This afternoon The Players’ Tribune published a long, thoughtful post from Steph Curry, about Veterans Day, and the responsibility of people with prominent public platforms and voices to advocate on behalf of marginalized groups. It’s good! You should read the whole thing, in fact.
Curry’s main issue is how gesturing in the general direction of war veterans—like, for example, using them as a cudgel in order to punish NFL players who protest during the national anthem—is just that: an empty gesture that gives the impression of concern about the welfare and social standing of military veterans, without meaningfully improving the lives of veterans themselves. Real support for the troops requires more than strategically aligning oneself alongside their sacrifices in order to make political headway:
One of the most rewarding conversations that I’ve had this year was with a veteran — it was just the other night, actually. My wife, Ayesha, held the opening for her restaurant, and we all came out to eat dinner there and support her. And one of the guests who came in that night was a man named Michael, who was there with his wife. He came up and introduced himself, and we just got to talking.
He happened to have served in Afghanistan — and he told me about how much he had been through, both physically and mentally, just in trying to transition back into society, and into his daily life. He offered some advice to me, about how I could help to raise awareness about some of the serious issues that veterans are going through — for example, with the Veterans Affairs medical system, and how its administration is broken. And he educated me on demographics — telling me about how less than 1% of the population today serves in the military, which makes it a real struggle for veterans, as a political constituency, to get the representation that they need.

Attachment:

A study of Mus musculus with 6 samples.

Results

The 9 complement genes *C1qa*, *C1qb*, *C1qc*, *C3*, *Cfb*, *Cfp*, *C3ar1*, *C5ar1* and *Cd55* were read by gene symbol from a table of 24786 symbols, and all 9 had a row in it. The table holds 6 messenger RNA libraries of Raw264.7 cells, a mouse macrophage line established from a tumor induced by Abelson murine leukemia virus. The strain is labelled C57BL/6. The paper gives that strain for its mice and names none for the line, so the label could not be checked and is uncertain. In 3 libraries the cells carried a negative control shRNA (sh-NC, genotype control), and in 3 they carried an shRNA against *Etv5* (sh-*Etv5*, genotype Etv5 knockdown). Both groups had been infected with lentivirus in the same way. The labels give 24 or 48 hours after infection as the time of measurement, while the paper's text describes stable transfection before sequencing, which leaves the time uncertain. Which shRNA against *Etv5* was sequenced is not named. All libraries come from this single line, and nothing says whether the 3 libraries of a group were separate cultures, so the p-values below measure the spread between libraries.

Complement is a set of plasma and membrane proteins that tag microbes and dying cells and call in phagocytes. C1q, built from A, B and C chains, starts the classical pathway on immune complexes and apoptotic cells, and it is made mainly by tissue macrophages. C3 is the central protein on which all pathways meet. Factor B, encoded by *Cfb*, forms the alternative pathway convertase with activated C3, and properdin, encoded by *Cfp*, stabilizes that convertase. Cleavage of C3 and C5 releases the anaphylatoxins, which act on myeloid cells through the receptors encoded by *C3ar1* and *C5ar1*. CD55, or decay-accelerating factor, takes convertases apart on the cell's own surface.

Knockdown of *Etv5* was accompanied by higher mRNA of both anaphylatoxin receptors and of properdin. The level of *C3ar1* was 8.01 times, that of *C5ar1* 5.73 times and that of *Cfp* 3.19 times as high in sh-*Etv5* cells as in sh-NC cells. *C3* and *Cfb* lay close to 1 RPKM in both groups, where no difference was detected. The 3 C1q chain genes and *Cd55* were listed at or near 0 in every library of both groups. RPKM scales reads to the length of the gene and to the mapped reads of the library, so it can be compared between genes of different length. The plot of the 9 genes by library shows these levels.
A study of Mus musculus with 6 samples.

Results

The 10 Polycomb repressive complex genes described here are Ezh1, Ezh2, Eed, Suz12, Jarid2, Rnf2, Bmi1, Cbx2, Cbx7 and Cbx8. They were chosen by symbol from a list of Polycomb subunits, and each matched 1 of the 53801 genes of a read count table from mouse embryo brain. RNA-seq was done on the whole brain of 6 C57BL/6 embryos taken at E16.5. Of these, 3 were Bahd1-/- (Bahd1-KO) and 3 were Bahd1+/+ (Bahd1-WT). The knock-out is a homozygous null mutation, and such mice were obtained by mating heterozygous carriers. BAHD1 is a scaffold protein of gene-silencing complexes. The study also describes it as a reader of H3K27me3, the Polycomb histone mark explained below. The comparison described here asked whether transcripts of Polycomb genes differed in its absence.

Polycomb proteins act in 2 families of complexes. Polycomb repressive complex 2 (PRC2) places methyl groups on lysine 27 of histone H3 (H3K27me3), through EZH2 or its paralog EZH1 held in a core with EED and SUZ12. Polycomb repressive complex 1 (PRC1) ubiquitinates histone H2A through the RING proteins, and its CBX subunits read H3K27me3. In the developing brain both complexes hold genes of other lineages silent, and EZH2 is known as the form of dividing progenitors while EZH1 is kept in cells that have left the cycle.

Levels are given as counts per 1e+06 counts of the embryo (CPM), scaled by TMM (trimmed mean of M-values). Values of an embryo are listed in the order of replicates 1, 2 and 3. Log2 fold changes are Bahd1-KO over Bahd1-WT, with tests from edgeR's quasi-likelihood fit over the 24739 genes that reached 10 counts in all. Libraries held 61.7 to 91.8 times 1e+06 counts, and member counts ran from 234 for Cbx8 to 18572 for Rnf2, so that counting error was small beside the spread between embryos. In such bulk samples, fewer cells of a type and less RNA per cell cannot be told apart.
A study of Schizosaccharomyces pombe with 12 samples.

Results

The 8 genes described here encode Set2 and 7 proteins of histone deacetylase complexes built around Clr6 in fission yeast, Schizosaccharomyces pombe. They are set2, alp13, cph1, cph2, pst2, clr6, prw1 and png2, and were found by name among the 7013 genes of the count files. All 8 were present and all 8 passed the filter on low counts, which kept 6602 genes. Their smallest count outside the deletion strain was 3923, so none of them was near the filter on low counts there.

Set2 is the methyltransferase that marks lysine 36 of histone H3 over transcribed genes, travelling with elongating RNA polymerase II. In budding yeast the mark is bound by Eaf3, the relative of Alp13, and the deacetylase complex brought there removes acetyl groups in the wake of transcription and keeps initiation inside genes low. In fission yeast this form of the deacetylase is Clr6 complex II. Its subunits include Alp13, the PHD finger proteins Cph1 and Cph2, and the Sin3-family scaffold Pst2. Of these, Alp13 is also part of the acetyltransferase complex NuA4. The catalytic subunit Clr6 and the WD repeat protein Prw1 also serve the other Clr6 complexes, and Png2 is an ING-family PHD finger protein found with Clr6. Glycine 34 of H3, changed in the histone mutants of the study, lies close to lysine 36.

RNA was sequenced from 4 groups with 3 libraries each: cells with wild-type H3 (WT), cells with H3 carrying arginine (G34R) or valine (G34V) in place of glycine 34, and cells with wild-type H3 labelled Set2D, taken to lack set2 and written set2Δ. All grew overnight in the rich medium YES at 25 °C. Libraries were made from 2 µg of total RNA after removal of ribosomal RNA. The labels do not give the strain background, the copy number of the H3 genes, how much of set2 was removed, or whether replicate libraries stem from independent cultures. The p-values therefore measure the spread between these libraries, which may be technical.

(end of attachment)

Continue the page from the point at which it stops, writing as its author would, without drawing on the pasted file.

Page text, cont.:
How come those issues never seem to be a trending topic?
We hear all the time on TV and social media about “supporting our troops.” But it’s not just about saluting them or thanking them for their service at the airport — and it’s definitely not just about how we observe the national anthem. Michael told me that our veterans need real action. They need real help with medical services, and access to jobs, and readjusting to society.
Curry is right: veterans have real issues that don’t come up a lot in arguments about this or that group showing or not showing appropriate respect for the troops. Curry’s point—that protests and demonstrations that aim for reconciliation of social inequalities are much more valuable to veterans than chest-pounding RESPECT THE TROOPS posturing—is a good one, and is articulated thoughtfully. Give the whole thing a read, this Veterans Day.